Holidays Act 2003

The Holidays Act 2003 aims to promote a work/life balance for employees. The Act provides minimum entitlements - which employers and employees can agree to increase - to holidays, sick leave and bereavement leave for employees.


Annual Holidays

  • After 12 months continuous employment, an employee is entitled to a minimum of three weeks paid annual holidays. This minimum will be increased to four weeks with effect from 1 April 2007.
  • An employer cannot unreasonably withhold consent to an employee's request to take holidays.
  • Annual holiday pay must be the greater of the employee's ordinary weekly pay (the amount of pay the employee receives for an ordinary working week) at the beginning of the annual holiday or the employee's average weekly earnings (calculated by dividing the gross earnings over the previous 12 month period by 52 weeks) for the 12 months immediately before the employee's last pay period.

Public Holidays

  • Employees continue to receive up to 11 paid public holidays per year.
  • If the holiday falls on a Saturday or Sunday and the employee normally works on that day, then the holiday remains at the traditional day and the employee is entitled to that day off on pay.
  • If an employee works on any part of a public holiday, that would otherwise be a working day for that employee, the employee must be paid at least time and a half of the relevant daily pay (the amount of pay that the employee would have received had the employee worked on the day concerned) and be given an alternative holiday.
  • An alternative holiday must be a whole working day off, regardless of the amount of time that the employee actually worked on the public holiday.
  • If an on call employee is required to restrict their activities on the public holiday to the extent that they have not enjoyed a full holiday, then the employee is entitled to an alternative holiday.

Shift Workers

  • The recent court decision in Heinz Watties Limited1 confirms that an employer and an employee, who usually works shifts that begin in one calendar day and end in another, can agree that a public holiday be transferred to another day . In such situations, the Employer should ensure that another day is defined in the employment agreement as any continuous 24 hour period, rather than from midnight to midnight on the actual calendar day generally observed as a public holiday.
  • Without any agreement, an employee who works a shift over two public holidays in a row (such as working from 11pm on Christmas Day and finishing at 7am on Boxing Day) must be paid at least time and a half of the relevant daily pay and be given two alternative holidays (one each for Christmas Day and Boxing Day).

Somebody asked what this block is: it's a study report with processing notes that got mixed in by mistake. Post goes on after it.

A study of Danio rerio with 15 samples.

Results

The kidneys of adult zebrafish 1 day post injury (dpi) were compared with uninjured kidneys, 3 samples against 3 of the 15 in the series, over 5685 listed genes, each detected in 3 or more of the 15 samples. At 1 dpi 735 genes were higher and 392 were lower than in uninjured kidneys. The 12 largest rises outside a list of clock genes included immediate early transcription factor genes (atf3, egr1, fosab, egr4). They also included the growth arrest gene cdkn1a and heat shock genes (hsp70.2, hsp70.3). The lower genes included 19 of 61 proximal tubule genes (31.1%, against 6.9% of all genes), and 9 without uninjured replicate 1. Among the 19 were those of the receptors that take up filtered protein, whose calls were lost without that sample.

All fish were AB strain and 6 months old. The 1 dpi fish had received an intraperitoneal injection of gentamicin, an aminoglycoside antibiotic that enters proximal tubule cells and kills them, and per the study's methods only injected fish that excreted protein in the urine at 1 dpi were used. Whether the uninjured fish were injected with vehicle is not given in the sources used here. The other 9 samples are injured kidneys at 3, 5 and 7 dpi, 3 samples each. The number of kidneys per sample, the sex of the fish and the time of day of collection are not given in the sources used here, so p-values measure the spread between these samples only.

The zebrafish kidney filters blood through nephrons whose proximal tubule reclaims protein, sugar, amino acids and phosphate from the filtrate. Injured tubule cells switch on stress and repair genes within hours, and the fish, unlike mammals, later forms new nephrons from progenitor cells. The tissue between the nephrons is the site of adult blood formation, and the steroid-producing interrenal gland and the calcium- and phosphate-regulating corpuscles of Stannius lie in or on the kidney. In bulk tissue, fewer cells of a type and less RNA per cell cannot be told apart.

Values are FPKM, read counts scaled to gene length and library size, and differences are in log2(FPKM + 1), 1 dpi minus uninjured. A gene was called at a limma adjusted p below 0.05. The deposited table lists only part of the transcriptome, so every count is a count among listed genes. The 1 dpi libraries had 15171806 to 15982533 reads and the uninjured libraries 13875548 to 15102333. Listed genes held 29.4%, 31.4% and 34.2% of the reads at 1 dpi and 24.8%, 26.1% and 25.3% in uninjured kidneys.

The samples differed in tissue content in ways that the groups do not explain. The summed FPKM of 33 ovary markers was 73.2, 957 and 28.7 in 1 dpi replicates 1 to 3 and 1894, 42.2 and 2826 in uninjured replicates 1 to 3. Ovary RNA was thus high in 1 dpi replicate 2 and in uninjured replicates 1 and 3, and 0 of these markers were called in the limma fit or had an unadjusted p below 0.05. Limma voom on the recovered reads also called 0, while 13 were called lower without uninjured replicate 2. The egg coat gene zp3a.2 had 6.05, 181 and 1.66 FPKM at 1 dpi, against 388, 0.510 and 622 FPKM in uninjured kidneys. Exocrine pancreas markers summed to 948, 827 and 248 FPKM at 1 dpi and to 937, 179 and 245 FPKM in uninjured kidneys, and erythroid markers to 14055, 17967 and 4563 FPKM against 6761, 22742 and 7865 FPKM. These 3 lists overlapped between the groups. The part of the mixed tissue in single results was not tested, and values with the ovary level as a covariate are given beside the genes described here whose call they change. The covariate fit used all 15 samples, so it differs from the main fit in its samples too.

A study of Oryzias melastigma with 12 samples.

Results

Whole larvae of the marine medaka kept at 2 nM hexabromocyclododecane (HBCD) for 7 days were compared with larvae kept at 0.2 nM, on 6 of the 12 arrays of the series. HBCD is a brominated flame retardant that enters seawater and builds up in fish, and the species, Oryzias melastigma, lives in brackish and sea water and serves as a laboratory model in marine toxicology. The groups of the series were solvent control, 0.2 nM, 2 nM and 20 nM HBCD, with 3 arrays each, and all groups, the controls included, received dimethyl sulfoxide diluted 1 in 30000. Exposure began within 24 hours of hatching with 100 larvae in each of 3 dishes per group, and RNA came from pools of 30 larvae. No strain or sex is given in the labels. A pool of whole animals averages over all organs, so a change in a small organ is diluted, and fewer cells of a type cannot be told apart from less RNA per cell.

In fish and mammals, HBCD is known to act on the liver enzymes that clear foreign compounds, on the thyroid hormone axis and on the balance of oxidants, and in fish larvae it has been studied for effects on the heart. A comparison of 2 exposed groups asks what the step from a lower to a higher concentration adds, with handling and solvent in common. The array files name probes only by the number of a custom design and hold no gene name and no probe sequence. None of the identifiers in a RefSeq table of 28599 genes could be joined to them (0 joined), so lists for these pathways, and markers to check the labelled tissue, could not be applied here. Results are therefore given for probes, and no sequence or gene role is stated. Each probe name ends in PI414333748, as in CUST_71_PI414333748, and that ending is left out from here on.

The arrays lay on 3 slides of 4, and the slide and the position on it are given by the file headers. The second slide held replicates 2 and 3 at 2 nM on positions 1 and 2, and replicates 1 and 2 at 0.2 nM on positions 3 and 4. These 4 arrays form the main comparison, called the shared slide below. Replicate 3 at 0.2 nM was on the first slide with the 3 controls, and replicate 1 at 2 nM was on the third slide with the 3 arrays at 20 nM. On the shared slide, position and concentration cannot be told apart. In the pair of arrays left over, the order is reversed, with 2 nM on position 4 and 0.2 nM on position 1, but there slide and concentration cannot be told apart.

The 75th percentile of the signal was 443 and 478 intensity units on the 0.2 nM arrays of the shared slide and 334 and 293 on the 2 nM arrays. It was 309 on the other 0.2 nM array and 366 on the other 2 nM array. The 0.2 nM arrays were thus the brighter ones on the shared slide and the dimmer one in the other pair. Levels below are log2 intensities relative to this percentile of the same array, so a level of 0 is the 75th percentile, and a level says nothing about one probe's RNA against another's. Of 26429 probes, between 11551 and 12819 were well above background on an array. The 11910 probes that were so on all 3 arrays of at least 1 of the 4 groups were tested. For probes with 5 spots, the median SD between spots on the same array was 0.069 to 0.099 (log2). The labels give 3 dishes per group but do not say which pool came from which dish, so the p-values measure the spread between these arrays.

Sick Leave

  • All employees are entitled to a minimum of five days paid sick leave per year after they have completed six months current, continuous employment. Sick leave can be taken if the employee, their spouse or a dependent is sick or injured. Part time employees are now entitled to sick leave after being in employment for six months.
  • Sick leave can be carried over into the next year of employment, to a maximum of 20 days current entitlement in any one year. An employee is not entitled to be paid out for any sick leave that has not been taken at the end of employment.

Bereavement Leave

  • An employee is entitled to three days paid bereavement leave on the death of any of the employee's spouse, parent, child, sibling, grandparent, grandchild, or spouse's parent.

Holidays Amendment Act 2004

  • The Act has not been without controversy (being described as a "prime example of how things can go wrong through lack of consultation" 2). The Amendment Act addressed a number of perceived problems and now:
    • An employee who is rostered to work on a public holiday, but who does not work because he or she is sick, is entitled to relevant daily pay only. The day counts as a public holiday and not a sick day, so the employee - who did not work on the public holiday - is not entitled to be paid at time and a half or an alternative holiday.
    • An employer can require an employee to produce proof of sickness for sickness or injury for a period of three or more consecutive calendar days, whether or not the days would otherwise be working days for the employee.
    • Penal rates already included in an employee's pay for working a public holiday are no longer included in the relevant daily pay calculation.

Ensuring Compliance

  • Employers should ensure that their existing employment agreements are amended to reflect the changes and new entitlements, so that:
    • agreements specifically state that an employee will receive at least time and a half for working on a public holiday;
    • agreements have been amended by replacing the old wording Special Leave with the terms Sick Leave and Bereavement Leave ; and
    • if it is likely the employer will want the employee to work on a public holiday (which would not otherwise be a working day for the employee) the agreement states that the employee will work on the public holiday if asked to do so.

1 Heinz Watties Limited v National Distribution Union Inc & Others, Employment Court , Wellington , Judgment No. WC2/05, 11 February 2005

2 Business New Zealand address to the Nelson Chamber of Commerce, 12 October 2004

The content of this document is necessarily general and readers should seek specific advice on particular matters and not rely solely on this document.
If you would like further information on any of the topics in this document, please contact the writer or your usual Auld Brewer Mazengarb & McEwen adviser.